On 2nd October, CAAC was invited to present the views of Atlantic Arc Cities on the Strategy. In a workshop earmarked by the CLIMAATLANTIC project, Tamara Guirao, CAAC coordinator intervened together with various Atlantic stakeholders. IN her presentation, she explained the role of CAAC and the views of this network on the Atlantic Strategy, namely a translation of the priorities into urban-friendly initiatives and the capitalization of Atlantic (urban) projects such as Portonovo, Cultur*AT, Dorna or ANATOLE.
The Portuguese representative described the event of the Atlantic Forum that took place in Azores. More than one hundred stakeholders gathered there to discuss the Atlantic Strategy. From the main conclusions two warnings can be extracted:
- No additional leverages are foreseen, as the Strategy will be embedded in the MFF
- The Atlantic Strategy has to be included in the Partnership Agreements
Luis Cuervo, from DG MARE, described the process since its inception early 2009. Europe is to be given a completely new face, as Member States are focused in blue growth. In this sense, three out of five priorities of the Atlantic Strategy are reflected in the Climaatlantic project. For the future, action has to be wider and search for more than policy orientations. The strategy shall orientate an European output while supporting local economy and earmarking EU funding. “Real things” have to be proposed by stakeholders who are called to engage, personally or with their written contributions.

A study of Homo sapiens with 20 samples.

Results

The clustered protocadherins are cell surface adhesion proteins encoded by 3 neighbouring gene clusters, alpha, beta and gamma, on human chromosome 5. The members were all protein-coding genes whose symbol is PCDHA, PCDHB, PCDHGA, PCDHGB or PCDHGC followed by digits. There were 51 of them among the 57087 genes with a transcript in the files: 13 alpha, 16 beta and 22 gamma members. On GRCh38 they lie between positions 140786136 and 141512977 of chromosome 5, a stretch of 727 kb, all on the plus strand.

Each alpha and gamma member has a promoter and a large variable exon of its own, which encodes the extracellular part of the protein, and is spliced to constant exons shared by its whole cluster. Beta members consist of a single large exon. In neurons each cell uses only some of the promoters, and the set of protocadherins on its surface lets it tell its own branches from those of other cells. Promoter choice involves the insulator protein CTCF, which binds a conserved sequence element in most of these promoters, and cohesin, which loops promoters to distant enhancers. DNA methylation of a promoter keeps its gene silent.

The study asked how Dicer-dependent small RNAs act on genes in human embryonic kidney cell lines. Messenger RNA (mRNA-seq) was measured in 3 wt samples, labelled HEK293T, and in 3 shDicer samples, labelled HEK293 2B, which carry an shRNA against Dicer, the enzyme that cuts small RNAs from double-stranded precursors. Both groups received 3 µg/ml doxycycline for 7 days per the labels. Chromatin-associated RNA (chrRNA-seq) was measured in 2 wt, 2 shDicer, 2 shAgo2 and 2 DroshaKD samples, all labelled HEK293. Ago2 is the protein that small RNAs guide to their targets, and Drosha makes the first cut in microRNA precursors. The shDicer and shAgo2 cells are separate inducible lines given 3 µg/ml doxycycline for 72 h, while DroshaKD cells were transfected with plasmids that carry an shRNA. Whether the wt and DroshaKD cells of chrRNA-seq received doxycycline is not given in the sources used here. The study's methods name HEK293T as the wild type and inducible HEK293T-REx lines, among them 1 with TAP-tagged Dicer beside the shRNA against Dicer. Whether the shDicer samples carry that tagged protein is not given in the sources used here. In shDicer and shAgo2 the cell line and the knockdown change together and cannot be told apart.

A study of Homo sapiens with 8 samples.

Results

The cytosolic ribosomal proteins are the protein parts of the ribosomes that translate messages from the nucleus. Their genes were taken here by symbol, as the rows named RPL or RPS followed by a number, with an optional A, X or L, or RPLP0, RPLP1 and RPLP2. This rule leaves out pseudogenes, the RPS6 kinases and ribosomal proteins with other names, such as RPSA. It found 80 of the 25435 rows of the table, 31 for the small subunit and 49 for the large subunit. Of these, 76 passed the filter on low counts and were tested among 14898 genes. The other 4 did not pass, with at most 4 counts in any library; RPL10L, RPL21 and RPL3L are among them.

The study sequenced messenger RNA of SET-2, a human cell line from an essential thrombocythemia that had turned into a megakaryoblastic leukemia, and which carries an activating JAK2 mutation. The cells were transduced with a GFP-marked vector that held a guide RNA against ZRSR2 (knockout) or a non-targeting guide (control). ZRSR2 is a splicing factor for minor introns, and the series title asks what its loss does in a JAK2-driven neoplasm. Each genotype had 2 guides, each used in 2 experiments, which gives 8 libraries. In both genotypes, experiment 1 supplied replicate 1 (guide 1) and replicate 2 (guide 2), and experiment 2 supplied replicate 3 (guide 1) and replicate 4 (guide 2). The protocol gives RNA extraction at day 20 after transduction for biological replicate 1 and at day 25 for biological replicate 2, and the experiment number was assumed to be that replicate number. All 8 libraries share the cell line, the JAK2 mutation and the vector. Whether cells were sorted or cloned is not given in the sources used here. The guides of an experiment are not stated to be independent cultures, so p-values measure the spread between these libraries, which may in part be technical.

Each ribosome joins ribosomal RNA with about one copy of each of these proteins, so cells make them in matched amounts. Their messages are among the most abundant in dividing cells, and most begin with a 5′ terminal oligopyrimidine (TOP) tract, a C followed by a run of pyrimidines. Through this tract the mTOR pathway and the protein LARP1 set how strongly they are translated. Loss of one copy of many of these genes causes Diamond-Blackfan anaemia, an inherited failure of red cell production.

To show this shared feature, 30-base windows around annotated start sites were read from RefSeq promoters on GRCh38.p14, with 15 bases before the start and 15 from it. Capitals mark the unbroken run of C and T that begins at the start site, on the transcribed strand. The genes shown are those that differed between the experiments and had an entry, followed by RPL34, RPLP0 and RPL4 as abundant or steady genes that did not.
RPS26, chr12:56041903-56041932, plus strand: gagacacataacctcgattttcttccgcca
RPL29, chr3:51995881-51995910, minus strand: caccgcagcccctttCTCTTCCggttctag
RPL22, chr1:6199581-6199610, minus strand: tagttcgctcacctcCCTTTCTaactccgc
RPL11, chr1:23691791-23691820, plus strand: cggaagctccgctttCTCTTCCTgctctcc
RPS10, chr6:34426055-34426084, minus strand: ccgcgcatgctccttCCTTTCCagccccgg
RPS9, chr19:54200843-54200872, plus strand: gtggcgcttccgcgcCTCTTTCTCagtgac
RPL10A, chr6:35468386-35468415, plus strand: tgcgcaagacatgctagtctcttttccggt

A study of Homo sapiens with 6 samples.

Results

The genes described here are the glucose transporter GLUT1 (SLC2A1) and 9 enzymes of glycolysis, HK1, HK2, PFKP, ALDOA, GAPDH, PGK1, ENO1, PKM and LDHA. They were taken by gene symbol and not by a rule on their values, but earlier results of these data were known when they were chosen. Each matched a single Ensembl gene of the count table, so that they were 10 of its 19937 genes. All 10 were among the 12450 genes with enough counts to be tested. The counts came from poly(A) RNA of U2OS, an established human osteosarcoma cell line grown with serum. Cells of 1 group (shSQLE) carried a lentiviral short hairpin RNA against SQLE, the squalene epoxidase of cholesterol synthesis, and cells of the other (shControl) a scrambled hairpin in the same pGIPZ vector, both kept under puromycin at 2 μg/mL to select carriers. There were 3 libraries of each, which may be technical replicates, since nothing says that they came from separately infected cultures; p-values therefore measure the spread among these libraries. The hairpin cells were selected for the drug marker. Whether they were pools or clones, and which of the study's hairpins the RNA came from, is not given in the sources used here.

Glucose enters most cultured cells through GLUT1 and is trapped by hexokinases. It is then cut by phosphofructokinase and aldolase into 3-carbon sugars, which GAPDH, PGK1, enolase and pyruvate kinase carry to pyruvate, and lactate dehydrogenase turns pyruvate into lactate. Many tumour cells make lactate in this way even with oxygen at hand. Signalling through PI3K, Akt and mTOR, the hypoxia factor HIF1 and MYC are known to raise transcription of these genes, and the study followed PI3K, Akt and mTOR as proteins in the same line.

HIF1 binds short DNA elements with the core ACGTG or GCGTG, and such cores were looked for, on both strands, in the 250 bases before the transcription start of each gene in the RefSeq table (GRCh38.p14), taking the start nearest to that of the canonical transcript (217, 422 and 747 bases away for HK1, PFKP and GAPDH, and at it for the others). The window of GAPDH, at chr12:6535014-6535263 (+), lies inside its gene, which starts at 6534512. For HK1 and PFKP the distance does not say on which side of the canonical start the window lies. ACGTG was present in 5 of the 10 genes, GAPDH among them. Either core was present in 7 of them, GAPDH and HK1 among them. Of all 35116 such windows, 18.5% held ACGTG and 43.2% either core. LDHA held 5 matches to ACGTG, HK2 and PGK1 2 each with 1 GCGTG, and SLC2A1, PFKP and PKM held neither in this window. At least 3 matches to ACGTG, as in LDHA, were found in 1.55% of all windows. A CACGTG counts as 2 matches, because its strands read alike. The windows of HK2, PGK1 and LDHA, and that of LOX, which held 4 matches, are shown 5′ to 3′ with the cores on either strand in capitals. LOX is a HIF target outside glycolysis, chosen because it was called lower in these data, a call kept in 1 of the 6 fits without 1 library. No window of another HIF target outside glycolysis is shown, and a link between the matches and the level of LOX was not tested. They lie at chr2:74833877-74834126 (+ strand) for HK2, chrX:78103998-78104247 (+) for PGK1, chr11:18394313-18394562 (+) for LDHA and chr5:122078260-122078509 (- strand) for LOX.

José Antonio Ruiz de Casas mentioned that this is a rough time for cooperation whereas it could not be ignored, as it is enshrined in the Lisbon Treaty. Partnership Agreements are fundamental and they have to reflect the macro-regional strategies and aim to create cooperation frameworks. In addition, some needs can be drawn from the Baltic experience:
- Raising political commitment and administrative back-up
- Finding innovative financial support
- Improving evaluation and targeting
- Fostering good communication
Ciara Delaney, from the Irish representation before the EU, explained that the territories need to know more of what is actually happening on the ground. The Atlantic Strategy also needs to involve citizens and align with Smart Specialisation in order to integrate itself in a “think global, act local” prospective.
Responding to this intervention, Luis Cuervo, from DG MARE agreed that the next Irish Presidency will be a key moment for the Atlantic. Moreover, regions have to be fully involved in the Partnership Agreements and aim for cross-cutting links. Concerning the Forum, it will be ridiculous to say goodbye on December, 31st 2013, and even the 3 macro-regional noes might be overcome by an international agreement.
In his intervention, Robert Collins, from the Irish regions, explained that a longer term vision was unavoidable. Seven years is too short term. The Baltic should be seen as an inspiration and a source of good practice. Both representatives of the Commission agreed that the Atlantic Arc, as it is multi-faceted, could be seen as complicated and that the 7 years have to be seen as a seed.
CAAC Coordinator, Tamara Guirao, intervened to explain that the success of the Atlantic Strategy depends on a real involvement and participation of Local Authorities, which have been proposing it since 2008 in the San Sebastian Charter. Multi-level governance is a binding condition for having a real strategy, and the bottom-up approach is the Atlantic DNA.
Xoan Vazquez Mao, Secretary General of Eixo Atlantico and CECICN marked that it is essential to overcome the crisis with own potential, tapping on unexploited resources and creating synergies. The answer for the Atlantic Area, is that it is an Ocean where either “we swim together or we sink together”, meaning that true cooperation is paramount.